That might be inaccurate in two ways. The premium support for seniors in the Ryan-Wyden plan is less generous than the premium support in the 2010 law, meaning seniors will pay considerably more out of pocket over time. Second, the Ryan-Wyden plan, unlike the overhaul, has a public option!
Nonetheless, most Democrats hate Ryan-Wyden because to praise it in any fashion would mean taking away the sting of their own attacks on Ryan and Republicans for moving “to end Medicare as we know it” — or sometimes neatly forgetting the conditional “as we know it” part.
All of these factors together leave me and others dismayed at the way the driving need to reform health insurance and health care delivery has been caught up in tribal politics, where the identity of the individual promoting or proposing a policy idea is more important than the idea itself.
If I were in the Democratic leadership, I would be tempted to propose a grand compromise: Take the Ryan-Wyden plan and apply it to everyone — insurance exchanges with Medicare as an option for all. That won’t happen, of course.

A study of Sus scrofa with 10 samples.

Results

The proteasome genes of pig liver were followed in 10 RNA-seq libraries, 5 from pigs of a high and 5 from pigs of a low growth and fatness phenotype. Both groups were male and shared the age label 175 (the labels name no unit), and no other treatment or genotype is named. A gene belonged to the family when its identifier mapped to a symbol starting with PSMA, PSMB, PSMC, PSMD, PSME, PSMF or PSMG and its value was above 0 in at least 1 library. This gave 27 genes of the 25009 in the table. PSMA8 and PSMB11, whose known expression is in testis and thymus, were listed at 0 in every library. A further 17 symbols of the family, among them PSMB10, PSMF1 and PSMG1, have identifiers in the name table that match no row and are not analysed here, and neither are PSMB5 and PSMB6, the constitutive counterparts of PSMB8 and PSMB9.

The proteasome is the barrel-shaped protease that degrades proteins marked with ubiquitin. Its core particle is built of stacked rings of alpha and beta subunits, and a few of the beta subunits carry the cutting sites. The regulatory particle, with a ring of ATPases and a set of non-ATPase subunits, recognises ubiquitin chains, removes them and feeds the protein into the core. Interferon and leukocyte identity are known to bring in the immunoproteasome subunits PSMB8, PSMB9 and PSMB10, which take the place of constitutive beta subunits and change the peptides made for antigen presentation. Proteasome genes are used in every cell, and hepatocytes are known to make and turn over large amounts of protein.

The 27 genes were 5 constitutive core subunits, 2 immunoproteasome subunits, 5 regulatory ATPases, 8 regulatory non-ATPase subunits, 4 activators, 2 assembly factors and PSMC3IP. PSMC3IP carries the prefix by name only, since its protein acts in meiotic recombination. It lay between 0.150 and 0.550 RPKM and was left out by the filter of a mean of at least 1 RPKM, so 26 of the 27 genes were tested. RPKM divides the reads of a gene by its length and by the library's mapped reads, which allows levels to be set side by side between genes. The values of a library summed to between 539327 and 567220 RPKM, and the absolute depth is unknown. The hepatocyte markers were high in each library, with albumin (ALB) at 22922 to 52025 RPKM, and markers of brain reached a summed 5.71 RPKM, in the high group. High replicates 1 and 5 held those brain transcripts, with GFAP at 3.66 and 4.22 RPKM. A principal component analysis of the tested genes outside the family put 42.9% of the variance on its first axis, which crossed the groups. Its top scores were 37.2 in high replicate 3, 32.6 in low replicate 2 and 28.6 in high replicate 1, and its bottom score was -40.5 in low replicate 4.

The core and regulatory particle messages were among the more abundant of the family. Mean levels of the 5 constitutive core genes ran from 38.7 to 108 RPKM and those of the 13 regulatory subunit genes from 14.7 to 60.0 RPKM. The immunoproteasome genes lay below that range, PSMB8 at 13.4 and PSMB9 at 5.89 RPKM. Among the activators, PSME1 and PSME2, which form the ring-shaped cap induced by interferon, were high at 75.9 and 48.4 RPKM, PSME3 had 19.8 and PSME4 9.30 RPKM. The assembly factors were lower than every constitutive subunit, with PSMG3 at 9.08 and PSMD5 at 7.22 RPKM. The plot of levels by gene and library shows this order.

The Supreme Court may blow up all or part of the 2010 law, throwing its implementation into turmoil. Whether that happens (and there is a good chance the court will punt, putting off a decision until after the elections), if Republicans win the White House and Congress, they will move via reconciliation to repeal as much of the plan as they can. And they will discover that the “repeal” part of “repeal and replace” is a lot easier than the “replace” part.
Perhaps at that point we can do what Rep. Jim Cooper (D-Tenn.), one of the most knowledgeable and clear-headed lawmakers when it comes to health care policy, has urged — that we all check our ideology and blinders at the door to discuss how to improve the health care system.
Perhaps we can open up the debate to rational discussion on what to do about defensive medicine, about how to improve not just insurance availability but the deliverability of health care services to all, about how to deal with the vexing issues surrounding end-of-life care and drivers of health care costs such as diabetes. Perhaps we can discuss the fact that using things such as health savings accounts and requiring individuals to pay for health care services and become better consumers using market forces, while highly desirable, will not take care of the reality that most Medicare spending, and much of the spending for the rest of us, is driven by a small portion of very sick people.
Wouldn’t that dialogue be refreshing? And wouldn’t it be nice if the odds of it happening were better than infinitesimal.
Norman Ornstein is a resident scholar at the American Enterprise Institute.